The Quirinal Hill is one of the Seven Hills of Rome located at the northeast of the city. One of many famous places in Rome, the area boasts many architectural gems built over centuries by Roman aristocrats as well the splendid official residence of the Italian President
Piazza del Quirinale, one of the highest points in the city, offers beautiful views across to the Saint Peter’s Basilica. The magnificent Renaissance Presidential Palace is open to public on some Sunday mornings and is certainly worth a visit even though you would have to queue for about 30 minutes before you get in. Every afternoon the change of guards at the Palace attracts many spectators.
Beside the Presidential Palace stands the spectacular fountain Monte Cavallo with statues of Castor and Pollux holding two horses. Between the mythical twin brothers stands an obelisk from the Mausoleum of Augustus, which was added in the 18th century.
Walking around the Quirinal Hill reminds about the glorious past of the city when powerful local families were trying to surpass each other building grand palaces here, one bigger than the other. Some of them are used today for state institutions such Ministry of Defence and Constitutional Court. The 17th century Palazzo Barberini houses Galleria Nazionale d’Arte Antica which contains an impressive collection of Renaissance-period paintings, including works from El Greco and Caravaggio. You can chill out in the palazzo’s gardens for free.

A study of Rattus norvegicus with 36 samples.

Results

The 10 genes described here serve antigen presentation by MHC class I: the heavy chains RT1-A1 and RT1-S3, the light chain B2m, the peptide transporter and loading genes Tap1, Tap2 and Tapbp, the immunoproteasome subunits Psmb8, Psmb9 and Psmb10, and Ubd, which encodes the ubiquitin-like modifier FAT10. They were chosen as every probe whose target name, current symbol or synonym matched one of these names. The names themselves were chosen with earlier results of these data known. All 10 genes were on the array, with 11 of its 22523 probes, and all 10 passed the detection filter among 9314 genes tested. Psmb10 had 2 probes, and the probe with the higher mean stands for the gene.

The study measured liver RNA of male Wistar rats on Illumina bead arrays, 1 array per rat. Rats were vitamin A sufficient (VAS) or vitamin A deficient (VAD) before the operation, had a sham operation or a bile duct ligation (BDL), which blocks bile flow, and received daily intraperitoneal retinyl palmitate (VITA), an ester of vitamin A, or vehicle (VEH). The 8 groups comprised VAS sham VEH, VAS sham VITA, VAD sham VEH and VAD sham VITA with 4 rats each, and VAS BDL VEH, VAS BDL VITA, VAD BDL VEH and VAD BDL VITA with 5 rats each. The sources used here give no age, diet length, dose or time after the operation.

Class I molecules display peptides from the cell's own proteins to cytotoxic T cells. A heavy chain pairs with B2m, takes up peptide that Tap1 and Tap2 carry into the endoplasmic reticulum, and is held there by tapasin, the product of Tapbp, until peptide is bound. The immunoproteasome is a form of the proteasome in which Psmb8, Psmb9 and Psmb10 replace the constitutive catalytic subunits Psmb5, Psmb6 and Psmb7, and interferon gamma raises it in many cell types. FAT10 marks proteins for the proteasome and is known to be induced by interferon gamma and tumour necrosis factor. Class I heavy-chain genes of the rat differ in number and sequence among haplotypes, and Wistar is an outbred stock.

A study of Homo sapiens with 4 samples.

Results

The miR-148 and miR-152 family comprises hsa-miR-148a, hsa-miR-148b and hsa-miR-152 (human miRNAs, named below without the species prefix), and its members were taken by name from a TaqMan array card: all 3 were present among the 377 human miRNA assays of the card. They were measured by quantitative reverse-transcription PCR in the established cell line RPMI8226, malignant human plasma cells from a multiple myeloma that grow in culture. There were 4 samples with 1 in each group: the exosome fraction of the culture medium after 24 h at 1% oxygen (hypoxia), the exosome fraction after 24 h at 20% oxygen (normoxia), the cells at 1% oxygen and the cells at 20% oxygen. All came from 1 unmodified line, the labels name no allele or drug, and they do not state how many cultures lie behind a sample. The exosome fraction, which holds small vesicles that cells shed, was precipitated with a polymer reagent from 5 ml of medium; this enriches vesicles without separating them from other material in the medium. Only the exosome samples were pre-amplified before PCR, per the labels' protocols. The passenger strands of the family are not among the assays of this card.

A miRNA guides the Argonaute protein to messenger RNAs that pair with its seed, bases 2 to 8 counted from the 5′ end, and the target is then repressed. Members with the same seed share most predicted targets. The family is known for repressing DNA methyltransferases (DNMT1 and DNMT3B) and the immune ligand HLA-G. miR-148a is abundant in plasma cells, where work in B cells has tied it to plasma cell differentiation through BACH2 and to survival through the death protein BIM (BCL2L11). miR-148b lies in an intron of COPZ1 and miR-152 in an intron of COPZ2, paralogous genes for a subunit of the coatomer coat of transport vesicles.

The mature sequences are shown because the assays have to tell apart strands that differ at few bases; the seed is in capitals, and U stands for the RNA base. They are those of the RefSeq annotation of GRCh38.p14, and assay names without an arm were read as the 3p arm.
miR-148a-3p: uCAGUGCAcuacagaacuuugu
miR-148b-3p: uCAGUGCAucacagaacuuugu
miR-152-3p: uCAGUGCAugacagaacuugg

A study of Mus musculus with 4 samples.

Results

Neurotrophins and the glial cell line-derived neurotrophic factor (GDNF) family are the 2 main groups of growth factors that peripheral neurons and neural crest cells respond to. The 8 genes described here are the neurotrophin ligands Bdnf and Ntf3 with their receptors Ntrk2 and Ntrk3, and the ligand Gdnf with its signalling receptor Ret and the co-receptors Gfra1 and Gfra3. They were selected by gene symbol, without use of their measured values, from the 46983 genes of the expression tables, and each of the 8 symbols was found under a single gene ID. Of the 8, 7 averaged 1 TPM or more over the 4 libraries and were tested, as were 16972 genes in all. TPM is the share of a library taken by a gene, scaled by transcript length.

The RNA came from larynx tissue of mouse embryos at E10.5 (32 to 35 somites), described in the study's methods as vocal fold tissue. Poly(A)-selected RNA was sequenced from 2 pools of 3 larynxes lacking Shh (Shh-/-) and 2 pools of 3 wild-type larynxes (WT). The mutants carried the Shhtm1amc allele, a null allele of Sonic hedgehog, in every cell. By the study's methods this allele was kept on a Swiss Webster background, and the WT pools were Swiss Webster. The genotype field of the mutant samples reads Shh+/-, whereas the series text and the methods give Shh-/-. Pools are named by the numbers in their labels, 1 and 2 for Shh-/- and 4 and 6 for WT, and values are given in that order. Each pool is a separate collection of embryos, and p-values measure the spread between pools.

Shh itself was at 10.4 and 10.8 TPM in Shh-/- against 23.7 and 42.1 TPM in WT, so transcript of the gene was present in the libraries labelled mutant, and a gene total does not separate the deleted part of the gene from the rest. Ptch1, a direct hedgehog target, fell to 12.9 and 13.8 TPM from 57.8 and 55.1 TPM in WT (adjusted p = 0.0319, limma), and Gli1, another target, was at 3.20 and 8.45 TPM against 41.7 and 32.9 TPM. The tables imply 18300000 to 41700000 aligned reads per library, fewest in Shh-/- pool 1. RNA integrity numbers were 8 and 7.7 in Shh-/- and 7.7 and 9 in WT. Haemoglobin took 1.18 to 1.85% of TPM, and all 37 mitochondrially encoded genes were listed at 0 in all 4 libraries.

The small church of Sant’Andrea al Quirinale is a real Baroque pearl built by the famous Bernini, who, apparently, considered his only perfect work. The legends say that he often came here to sit and admire the structure and décor of his own masterpiece. Just down the street from it is another Baroque gem: the beautiful church San Carlo alle Quattro Fontane designed by Francesco Borromini. The two architects were bitter rivals and it is up to you to judge who was better, however, in this particular case, Borromini certainly gets kudos for building a stunning church in such a tricky place, as an intersection of two busy streets. While inside the church make your neck crick a bit and admire the spectacular honeycomb ceiling.
On the outside corner of the church you will see one of the four Renaissance fountains, Quattro Fontane. Each of these four corner fountains is incorporated in the buildings. They depict the rivers Tiber (il Tevere), river Arno, and two goddesses, Diana and Juno. When you will discover this place, you will certainly put it under the category famous places in Rome and understand why it is famous !
Photos by: Giorgio Galeotti, Richard Mortel, Hannah Swithinbank.